Bogus Hidden Fees at Dealerships are Now Illegal
Almost everyone who has purchased a car, new or used, has had that horrible feeling of realizing they spent far more than they meant to.
For years, dealerships have been sneakily charging customers extra fees, usually claiming the add-ons are necessary for the purchase, but the Federal Trade Commission (FTC) recently announced that, as of next year, this common practice will be illegal.
What is The Federal Trade Commission?
The Federal Trade Commission, more commonly known as the FTC, is designed to protect the public “from deceptive or unfair business practices and from unfair methods of competition through law enforcement, advocacy, research, and education.”
And recently, the FTC used its power to fight against the “deceptive” practices of car dealerships.
Frustrating Dealership Add-Ons
Whenever someone buys a new car, the first feeling is certainly one of joy and excitement. But often, that feeling subsides after they see just how much it costs in the end.
Essentially, car dealerships will take the cost of the car, the price one sees on the windshield or the initial paperwork, and then, as they make the sale, add on extra costs such as extended warranties and included service visits.
These Extras Are Not Required
What’s incredibly annoying is that many people don’t realize these add-ons are absolutely unnecessary and optional, as the salesperson often presents them as requirements for the sale.
And while the salespeople are just doing their jobs as instructed by management, the truth is they know what they are doing and fully understand the deception.
The FTC Called Out Dealerships for Manipulation
The FTC collected extensive and detailed data about American car dealerships and their practices, and one thing they noted was that many companies were actually targeting young buyers.
Specifically, the FTC noted that dealerships were charging younger members of the military for more extras than anyone else.
The FTC Is Putting a Stop To It
After understanding exactly what was going on at dealerships around the country, the FTC found they were undoubtedly practicing unfair business methods and decided to step in.
The new FTC Combating Auto Retail Scams (CARS) Rule has incredibly strict rules for all dealerships that will eliminate bogus add-ons, as well as any attempt to misrepresent costs.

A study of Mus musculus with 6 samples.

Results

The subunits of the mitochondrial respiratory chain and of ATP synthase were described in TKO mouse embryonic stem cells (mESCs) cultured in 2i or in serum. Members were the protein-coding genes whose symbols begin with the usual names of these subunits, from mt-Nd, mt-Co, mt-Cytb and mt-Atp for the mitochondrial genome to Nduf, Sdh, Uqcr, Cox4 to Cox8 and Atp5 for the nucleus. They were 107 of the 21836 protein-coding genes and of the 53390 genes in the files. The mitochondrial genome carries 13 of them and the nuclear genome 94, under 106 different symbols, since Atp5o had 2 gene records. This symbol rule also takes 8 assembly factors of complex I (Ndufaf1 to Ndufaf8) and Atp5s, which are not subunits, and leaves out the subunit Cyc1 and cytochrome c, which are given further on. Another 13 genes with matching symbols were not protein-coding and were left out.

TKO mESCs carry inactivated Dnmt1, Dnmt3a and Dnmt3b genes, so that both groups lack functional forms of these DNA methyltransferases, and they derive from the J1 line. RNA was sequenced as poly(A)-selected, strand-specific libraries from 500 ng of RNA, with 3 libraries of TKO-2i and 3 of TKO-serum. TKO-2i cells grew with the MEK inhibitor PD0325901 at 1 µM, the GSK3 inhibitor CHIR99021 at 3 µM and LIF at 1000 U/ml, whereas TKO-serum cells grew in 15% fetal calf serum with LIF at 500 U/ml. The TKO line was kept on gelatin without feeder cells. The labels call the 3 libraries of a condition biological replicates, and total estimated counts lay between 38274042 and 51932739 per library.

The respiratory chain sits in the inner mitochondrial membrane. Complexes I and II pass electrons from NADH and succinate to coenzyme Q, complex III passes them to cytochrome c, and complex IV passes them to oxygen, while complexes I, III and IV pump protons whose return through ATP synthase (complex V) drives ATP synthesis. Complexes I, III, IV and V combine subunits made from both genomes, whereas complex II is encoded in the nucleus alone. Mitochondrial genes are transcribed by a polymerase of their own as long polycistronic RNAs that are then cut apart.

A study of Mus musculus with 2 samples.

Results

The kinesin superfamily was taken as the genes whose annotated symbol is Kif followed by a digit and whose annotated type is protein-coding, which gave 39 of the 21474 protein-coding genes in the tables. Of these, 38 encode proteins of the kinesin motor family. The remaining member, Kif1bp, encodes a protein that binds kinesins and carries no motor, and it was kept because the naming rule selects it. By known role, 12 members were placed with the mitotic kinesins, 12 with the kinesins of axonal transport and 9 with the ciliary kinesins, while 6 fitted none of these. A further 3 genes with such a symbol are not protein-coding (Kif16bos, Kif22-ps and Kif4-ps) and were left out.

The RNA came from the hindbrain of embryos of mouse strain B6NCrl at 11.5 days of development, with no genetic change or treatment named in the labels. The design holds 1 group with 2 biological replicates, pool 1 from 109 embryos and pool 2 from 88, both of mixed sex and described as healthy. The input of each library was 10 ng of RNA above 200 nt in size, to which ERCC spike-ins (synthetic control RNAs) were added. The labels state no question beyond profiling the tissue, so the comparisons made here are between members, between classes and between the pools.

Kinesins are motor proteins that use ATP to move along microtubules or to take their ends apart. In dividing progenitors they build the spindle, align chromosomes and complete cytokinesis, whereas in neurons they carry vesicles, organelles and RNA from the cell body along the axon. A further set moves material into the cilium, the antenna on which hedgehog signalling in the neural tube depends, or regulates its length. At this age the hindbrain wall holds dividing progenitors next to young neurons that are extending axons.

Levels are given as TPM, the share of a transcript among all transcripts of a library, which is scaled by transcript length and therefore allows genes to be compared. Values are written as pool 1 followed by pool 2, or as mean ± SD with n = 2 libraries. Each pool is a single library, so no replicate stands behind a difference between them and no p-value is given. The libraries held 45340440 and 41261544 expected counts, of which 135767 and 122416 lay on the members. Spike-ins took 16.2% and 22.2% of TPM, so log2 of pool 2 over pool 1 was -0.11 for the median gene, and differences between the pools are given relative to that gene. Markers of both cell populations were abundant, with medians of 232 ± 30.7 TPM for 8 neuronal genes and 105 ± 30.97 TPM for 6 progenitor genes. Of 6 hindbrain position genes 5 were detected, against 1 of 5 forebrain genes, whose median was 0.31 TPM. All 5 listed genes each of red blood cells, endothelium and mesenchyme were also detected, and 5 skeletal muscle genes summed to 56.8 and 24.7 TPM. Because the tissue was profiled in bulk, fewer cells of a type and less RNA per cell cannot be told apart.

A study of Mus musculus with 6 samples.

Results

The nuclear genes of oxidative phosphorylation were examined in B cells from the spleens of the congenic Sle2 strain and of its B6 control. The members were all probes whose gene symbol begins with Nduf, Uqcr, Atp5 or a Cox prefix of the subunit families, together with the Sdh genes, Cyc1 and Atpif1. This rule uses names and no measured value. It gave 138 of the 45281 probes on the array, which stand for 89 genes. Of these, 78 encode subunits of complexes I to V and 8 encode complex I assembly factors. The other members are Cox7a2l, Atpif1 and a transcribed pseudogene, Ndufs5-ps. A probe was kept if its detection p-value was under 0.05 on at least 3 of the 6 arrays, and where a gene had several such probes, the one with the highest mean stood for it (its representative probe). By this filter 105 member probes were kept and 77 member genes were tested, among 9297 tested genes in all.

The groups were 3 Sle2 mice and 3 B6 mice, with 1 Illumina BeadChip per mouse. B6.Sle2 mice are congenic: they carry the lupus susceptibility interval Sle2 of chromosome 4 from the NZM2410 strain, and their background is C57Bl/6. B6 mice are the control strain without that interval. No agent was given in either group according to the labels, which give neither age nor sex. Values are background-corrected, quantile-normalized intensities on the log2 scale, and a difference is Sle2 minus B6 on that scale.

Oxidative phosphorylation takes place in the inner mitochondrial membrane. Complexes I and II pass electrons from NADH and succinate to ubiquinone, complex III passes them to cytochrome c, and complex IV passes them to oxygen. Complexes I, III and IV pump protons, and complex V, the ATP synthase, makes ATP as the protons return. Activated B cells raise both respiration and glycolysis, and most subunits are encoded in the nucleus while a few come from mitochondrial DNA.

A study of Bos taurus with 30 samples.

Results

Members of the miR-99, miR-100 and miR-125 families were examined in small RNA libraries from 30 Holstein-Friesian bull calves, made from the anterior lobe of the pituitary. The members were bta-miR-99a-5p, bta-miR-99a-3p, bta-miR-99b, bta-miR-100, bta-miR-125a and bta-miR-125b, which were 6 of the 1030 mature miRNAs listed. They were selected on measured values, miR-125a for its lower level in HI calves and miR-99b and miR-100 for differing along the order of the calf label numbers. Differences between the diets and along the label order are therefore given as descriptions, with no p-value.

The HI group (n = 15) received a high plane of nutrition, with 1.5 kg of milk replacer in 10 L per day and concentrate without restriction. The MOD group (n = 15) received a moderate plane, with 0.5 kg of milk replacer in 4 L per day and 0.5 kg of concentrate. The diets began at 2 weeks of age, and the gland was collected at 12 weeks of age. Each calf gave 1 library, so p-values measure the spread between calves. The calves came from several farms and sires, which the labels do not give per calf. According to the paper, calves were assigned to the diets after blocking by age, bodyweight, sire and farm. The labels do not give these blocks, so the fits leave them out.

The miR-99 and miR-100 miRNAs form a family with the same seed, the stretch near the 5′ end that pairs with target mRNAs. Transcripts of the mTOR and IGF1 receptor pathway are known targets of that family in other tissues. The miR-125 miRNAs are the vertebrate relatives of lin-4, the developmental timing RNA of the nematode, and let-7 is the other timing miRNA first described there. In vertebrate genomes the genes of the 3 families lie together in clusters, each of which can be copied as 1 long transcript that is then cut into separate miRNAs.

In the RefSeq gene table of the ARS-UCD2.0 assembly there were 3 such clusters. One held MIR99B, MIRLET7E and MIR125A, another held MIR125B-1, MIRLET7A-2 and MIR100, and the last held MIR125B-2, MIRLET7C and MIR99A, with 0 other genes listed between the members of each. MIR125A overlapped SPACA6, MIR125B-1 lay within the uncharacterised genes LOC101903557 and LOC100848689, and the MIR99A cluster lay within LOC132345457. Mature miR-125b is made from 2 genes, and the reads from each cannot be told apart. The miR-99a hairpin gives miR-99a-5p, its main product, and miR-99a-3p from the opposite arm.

What Exactly Does the CARS Rule Say?
According to FTC Chair Lina M. Khan, “The CARS Rule will prohibit exploitative junk fees in the car-buying process, saving people time and money and protecting honest dealers.”
This means dealers cannot advertise with a misrepresenting price tag. Additionally, they will be required to inform customers that add-ons are not necessary for purchase, and anyone who does choose to pay for extras will need to sign a consent form, stating they understand they are optional.
Toyota Has Already Had to Pay the Price for Deception
And the FTC isn’t messing around. Toyota was just fined a whopping $60 million for several infractions, including misleading their customers by telling them that the extras were required for purchase.
The FTC assumes Toyota is just the first of many companies that will have to pay as the law goes into full effect on July 30, 2024.
There’s One Group Who Is Not Happy About This New Rule
Undoubtedly, most Americans are thrilled about the FTC’s new CARS rule. However, there is one organization that is not so happy with the decision.
The National Automobile Dealers Association (NADA) is the group that will be the most affected by the new regulation, as they will not only lose money in sales but also be fined if they do not follow the rules.
NADA President and CEO Mike Stanton Speaks Out Against CARS
President and CEO of NADA, Mike Stanton, had some harsh words for the FTC when he made a statement. He said, “This regulation is [a] heavy-handed bureaucratic overreach and redundancy at its worst, that will needlessly lengthen the car sales process by forcing new layers of disclosures and complexity into the transaction.”
And continued, “The FTC made up data to support its claims, then rejected calls to slow down the process and test the effectiveness of its proposal with real consumers. We are exploring all options on how to keep this ill-conceived rule from taking effect.”
What Does the CARS Rule Mean for the American Consumer?
First and foremost, the CARS rule ensures that automotive dealerships cannot misrepresent the cost of the car in any way.
That means the American people can confidently shop at a dealership without worrying about spending more than they meant to. What was once a terrifying experience for many may even end up being enjoyable.
Americans May Save a Fortune with the FTC's New CARS Rule
As well as ensuring that the price of the car is how much it actually costs, the FTC CARS Rule also promises consumers they won’t be lied to about spending their hard-earned money on unnecessary extras.
This means that, starting in July 2024, any American who heads out to buy a car will save quite a bit of money they didn’t intend to spend.